Having lived through Hurricane Irma, I can appreciate what a scary time a major hurricane can be. One moment you’re in the dead of summer, with intermittent news of a threat to this or that area. The next moment that area is the one where you live, and you’re frantically preparing and asking yourself lots of questions: Stay or go? What to take? Am I ready? What else can I do? Is it too late to do anything?
As hectic and frightening as it is for adults in the line of fire, it’s even more so for children and those who care for them. And if you have a young infant—or are about to have one—there are even more issues that speak to being as prepared as possible and to heeding the advice of the experts. In order to explore this a little bit, let’s start by looking at the special needs of little ones during these times.
Baby Differences That Matter
You already know that babies are not just little adults, and that they have special needs that grownups don’t have. And as important as it is to keep everyone safe and healthy during a disaster such as a hurricane, it’s crucial to consider the requirements of the youngest residents affected by a natural disaster. Some of the special issues faced by infants:
- They have greater fluid requirements and can become dehydrated more easily—especially concerning since hurricanes often occur in hot weather and water supplies may be limited.
- They have increased needs for nutrients and energy, and limited ways of obtaining them even under the best of circumstances, let alone when feeding options are limited.
- They are more easily harmed by toxic chemicals.
- They are more prone to infection, which can be a concern when conditions aren’t as germ-free as we would like.
The bottom line is that conditions that adults and older children can tolerate for a little while may be riskier for babies.
You’ve Likely Heard This Before, But…
Heed the warnings! Follow the advice of the hurricane experts! Sometimes the lure of summer enjoyment—beach weather, kids out of school, maybe a vacation somewhere—tends to lull us into inactivity. But a little preparation goes a long way. While it’s standard to stock up on supplies such as water and batteries, don’t forget the little one’s emergency kit. This is not an all-inclusive list, but here are some things to think about:
- Infant formula, for formula-fed babies (ready-to-feed, in single-serve bottles)
- A simple, age-appropriate medicine chest: fever reducer (when OK’d by your baby’s provider), diaper rash cream, a bulb for stuffy noses, a thermometer
- Plenty of warm clothing and baby blankets. Think layers, depending on where you live.
- Baby food in single-serving jars or pouches, if age-appropriate
- Immunization records, plus copies of any records with your baby’s medical history if there have been any problems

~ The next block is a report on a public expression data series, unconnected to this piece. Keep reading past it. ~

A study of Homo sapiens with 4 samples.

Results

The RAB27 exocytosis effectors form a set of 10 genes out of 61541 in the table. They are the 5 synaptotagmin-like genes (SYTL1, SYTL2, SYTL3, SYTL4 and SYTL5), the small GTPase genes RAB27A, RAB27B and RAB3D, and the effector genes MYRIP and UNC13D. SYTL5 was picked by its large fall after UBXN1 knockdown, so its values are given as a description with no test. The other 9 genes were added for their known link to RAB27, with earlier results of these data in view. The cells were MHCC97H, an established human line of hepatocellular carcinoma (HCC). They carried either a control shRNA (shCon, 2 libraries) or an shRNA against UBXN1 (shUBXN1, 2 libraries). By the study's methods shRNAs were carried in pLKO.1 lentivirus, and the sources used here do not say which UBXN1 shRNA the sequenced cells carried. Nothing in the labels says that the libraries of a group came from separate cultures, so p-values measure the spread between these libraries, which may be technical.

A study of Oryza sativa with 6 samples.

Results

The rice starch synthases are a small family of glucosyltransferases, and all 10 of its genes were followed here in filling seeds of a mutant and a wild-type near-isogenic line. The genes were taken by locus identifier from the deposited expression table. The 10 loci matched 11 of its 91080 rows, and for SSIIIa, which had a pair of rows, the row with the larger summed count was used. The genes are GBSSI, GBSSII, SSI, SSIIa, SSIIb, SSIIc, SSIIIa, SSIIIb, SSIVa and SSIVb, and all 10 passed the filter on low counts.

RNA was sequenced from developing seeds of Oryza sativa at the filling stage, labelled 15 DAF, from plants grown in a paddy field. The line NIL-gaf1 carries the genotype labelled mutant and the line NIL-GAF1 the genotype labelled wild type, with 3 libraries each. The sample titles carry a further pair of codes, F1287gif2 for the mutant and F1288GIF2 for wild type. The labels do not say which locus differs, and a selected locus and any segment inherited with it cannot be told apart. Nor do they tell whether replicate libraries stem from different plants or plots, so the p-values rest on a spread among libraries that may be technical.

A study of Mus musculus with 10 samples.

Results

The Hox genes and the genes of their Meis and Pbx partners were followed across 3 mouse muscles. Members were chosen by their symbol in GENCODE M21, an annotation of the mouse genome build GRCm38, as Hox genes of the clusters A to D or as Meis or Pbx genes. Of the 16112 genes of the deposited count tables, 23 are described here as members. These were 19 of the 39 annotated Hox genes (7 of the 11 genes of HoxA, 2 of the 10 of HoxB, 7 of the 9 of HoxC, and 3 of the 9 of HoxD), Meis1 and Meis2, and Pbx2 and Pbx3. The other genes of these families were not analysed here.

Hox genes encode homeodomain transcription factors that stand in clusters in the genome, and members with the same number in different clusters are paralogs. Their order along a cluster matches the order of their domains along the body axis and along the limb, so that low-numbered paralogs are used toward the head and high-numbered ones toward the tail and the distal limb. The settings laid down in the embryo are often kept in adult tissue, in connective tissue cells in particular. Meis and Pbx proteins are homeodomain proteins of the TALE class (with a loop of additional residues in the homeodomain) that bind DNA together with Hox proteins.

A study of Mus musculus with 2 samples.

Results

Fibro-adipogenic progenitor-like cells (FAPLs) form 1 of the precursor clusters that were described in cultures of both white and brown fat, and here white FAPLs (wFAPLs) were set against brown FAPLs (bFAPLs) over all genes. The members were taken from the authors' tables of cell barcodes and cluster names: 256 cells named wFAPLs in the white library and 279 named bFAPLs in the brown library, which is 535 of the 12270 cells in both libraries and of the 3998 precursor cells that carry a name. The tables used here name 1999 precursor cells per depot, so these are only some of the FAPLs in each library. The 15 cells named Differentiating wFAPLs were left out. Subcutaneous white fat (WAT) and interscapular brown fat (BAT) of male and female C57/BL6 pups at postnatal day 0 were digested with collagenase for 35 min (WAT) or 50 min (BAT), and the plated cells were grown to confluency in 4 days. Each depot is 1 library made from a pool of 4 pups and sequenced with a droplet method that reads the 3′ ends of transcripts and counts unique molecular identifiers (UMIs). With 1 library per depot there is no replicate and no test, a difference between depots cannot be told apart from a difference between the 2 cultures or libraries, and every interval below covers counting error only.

Finally, for mothers who have chosen to breastfeed, do remember that you have a steady source of nutrition for your baby. If you live in a hurricane-prone area, there’s something to be said for deferring weaning until the end of hurricane season!
And as far as evacuation goes, when called for: you know the drill. We’ve all heard it, but so many stay behind. People get concerned about their homes and belongings. They feel secure in their (or their friends’) “Category 5 home.” And not a few enjoy the bravado of riding out a major storm.
The issue here is, while not desirable, adults can make the choice to ride out a dangerous hurricane. However, children don’t have that choice and depend on adults to keep them safe. And although there were few deaths in the Florida Keys during Irma, supplies were lacking for several days. People can always rebuild homes, but infants don’t repair quite as easily. Fortunately, although I knew many adults that stayed and rode out the storm, almost everyone I knew with children evacuated.
OK, so you’ve made it through an evacuation and kept your baby safe. You’re anxious to return to your home and your life. But what is your baby returning to?
During Irma, water, electricity, health care, and the ability to buy provisions of any kind, including food and first aid, were lacking for several days. You want to have easy access to anything your baby might need. And keep in mind that for a variety of reasons, you may not be coming back to a place that’s dry, comfortable, or safe for your baby.
Officials will give the green light for safe return, but realize that not everything may be in place for an ideal environment for your baby. Use any resources you have—reports from municipal websites as well as information from those who did stay behind—to plan for the best return possible. Some things to look for when planning a safe return are described here.
A Few Words on Pregnancy and Hurricanes
Ideally, hospitals that take care of pregnant women and infants learn from every disaster, and make every effort to plan for safe care and, when necessary, transport of women close to delivering a baby. However, it almost goes without saying that preparation in this case goes way beyond putting up shutters and securing belongings.
First off, remember to keep your obstetrician in the loop! She’ll know what the local hospital plans in terms of services, allowing you to make the best decisions for you and your baby-to-be. Make sure you have copies of your medical record. And don’t forget to have an adequate supply of your medications in addition to water and, as much as possible, well-traveling, nutritious food. And after the storm is over, do check in as soon as you are able.
We who live in hurricane-prone areas can only hope for a better season than the previous one. But storms do happen—we’ve already had one hit the U.S. at this writing—and thinking about the threat now will increase the chances of our littlest ones staying safe and healthy.